John N. Gardner Institute for Excellence in Undergraduate Education

New Frontier for the First-Year Seminar

John N. Gardner

As many of my readers will know, there are multiple terms used to describe a near universal course in US higher education designed to improve the success of beginning college students. The correct academic nomenclature for this unique course genre, which has been around since 1882, is “first-year seminar.”

But many campuses have adopted terminology originally developed by publishers of college textbooks for these courses: “college success” courses and/or “student success” courses. And there are many institution specific names for these courses such as my own University 101 course at the University of South Carolina.

These courses were designed for beginning college students. And while I have had a number of anecdotal reports over the past quarter century of the course concept being adapted to the high school setting, I had never observed any such activity at scale. One version of a secondary school offering would be for ninth graders as they transition into high school, not college. The other versions would be the archetypal college success course offered for high school students at their high schools, or on a college campus, or on line.

However, I recently had the opportunity to visit San Jacinto Community College in Houston, where to my astonishment they are offering their college success course for ALL high school dual credit students. So we are not talking here about a few sections for a boutique program for a special population of fast tracking high school students. This is an institutionalized, College-wide effort, for all new matriculated students, all dual credit students, all students in their Early Colleges. And these students do this either as their first course of dual credit or in the first term if they are at the college level.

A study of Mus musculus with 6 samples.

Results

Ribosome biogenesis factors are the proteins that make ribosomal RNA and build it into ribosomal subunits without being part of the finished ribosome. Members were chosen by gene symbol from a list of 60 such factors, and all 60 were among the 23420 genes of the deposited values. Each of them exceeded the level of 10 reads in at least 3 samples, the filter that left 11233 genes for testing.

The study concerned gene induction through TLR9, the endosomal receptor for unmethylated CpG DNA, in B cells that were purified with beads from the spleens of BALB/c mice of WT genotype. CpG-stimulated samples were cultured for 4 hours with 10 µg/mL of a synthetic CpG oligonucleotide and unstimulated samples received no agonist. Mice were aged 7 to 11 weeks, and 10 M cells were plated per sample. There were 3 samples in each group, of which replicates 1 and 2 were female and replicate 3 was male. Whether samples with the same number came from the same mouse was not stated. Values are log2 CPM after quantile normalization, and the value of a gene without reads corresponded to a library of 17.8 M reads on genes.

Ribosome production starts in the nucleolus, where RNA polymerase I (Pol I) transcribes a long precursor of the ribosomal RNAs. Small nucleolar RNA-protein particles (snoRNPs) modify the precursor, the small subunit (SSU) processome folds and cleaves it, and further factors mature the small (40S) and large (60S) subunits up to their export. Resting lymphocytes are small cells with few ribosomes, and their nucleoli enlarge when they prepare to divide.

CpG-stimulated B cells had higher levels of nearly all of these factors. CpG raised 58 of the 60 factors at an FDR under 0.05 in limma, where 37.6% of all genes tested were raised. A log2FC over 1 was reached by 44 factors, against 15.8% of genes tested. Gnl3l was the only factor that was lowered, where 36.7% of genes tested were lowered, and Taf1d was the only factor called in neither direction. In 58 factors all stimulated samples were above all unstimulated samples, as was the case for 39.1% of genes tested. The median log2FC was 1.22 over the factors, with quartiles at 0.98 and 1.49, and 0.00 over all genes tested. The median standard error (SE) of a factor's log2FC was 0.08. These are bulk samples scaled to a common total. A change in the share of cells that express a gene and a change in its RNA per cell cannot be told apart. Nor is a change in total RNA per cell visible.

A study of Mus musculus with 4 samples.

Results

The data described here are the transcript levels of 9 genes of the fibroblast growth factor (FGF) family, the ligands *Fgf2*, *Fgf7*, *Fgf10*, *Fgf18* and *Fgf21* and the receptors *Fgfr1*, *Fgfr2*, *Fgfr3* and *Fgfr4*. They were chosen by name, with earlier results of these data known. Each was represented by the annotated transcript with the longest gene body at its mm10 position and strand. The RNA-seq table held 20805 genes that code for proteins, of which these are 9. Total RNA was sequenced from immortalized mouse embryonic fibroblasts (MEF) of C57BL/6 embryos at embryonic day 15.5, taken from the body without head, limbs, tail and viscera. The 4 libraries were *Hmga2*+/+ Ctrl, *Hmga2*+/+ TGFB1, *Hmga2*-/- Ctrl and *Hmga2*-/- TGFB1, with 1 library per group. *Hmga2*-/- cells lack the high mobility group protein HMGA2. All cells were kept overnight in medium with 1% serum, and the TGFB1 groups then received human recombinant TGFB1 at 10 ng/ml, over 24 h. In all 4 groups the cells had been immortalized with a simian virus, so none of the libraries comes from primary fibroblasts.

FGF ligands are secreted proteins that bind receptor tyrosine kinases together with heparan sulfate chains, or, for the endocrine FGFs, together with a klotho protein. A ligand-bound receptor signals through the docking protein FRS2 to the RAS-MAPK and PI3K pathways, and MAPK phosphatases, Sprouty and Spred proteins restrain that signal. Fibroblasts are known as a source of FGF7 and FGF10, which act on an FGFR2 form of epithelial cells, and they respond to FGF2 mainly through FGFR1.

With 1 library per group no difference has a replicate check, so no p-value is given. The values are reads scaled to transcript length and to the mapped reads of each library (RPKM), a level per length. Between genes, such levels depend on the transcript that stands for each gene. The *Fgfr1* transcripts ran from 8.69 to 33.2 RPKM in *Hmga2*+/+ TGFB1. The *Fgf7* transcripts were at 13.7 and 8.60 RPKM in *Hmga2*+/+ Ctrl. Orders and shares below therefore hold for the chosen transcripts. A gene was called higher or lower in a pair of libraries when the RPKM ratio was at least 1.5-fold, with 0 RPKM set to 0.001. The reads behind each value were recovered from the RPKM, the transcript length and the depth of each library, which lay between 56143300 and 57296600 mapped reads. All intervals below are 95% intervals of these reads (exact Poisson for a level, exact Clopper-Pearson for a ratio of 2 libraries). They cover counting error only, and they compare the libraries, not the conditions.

This is a tribute to the success this course has had over the past decade of promoting greater levels of subsequent success for students who complete the course when compared with students who did not participate in the course. This level of success outcomes led the College to decide to make this course mandatory.

There is a bigger picture here, of course, and that is the question of when should “college” begin? These educators are realizing that to wait until students are actually in college may be too late for some and not as effective for others if they had started earlier in the pipeline.

So what should we be calling these courses for students who are still technically in high school? In what ways should we be adjusting the content?
What kind of professional development should we be providing for the instructors? Is there content in some college success courses that would not be appropriate for high school students? What will be the implications of students who take this course before actually entering a college or university? Will they be shortchanged in any ways by not having the more conventional “college” success course? Time—and assessment—will tell. But we really do need to push ahead and learn what are the outcomes.

Because the first-year seminar is a highly imitative concept, this model will surely be imitated. I will be watching—and supporting—that with great interest. Kudos to San Jacinto Community College.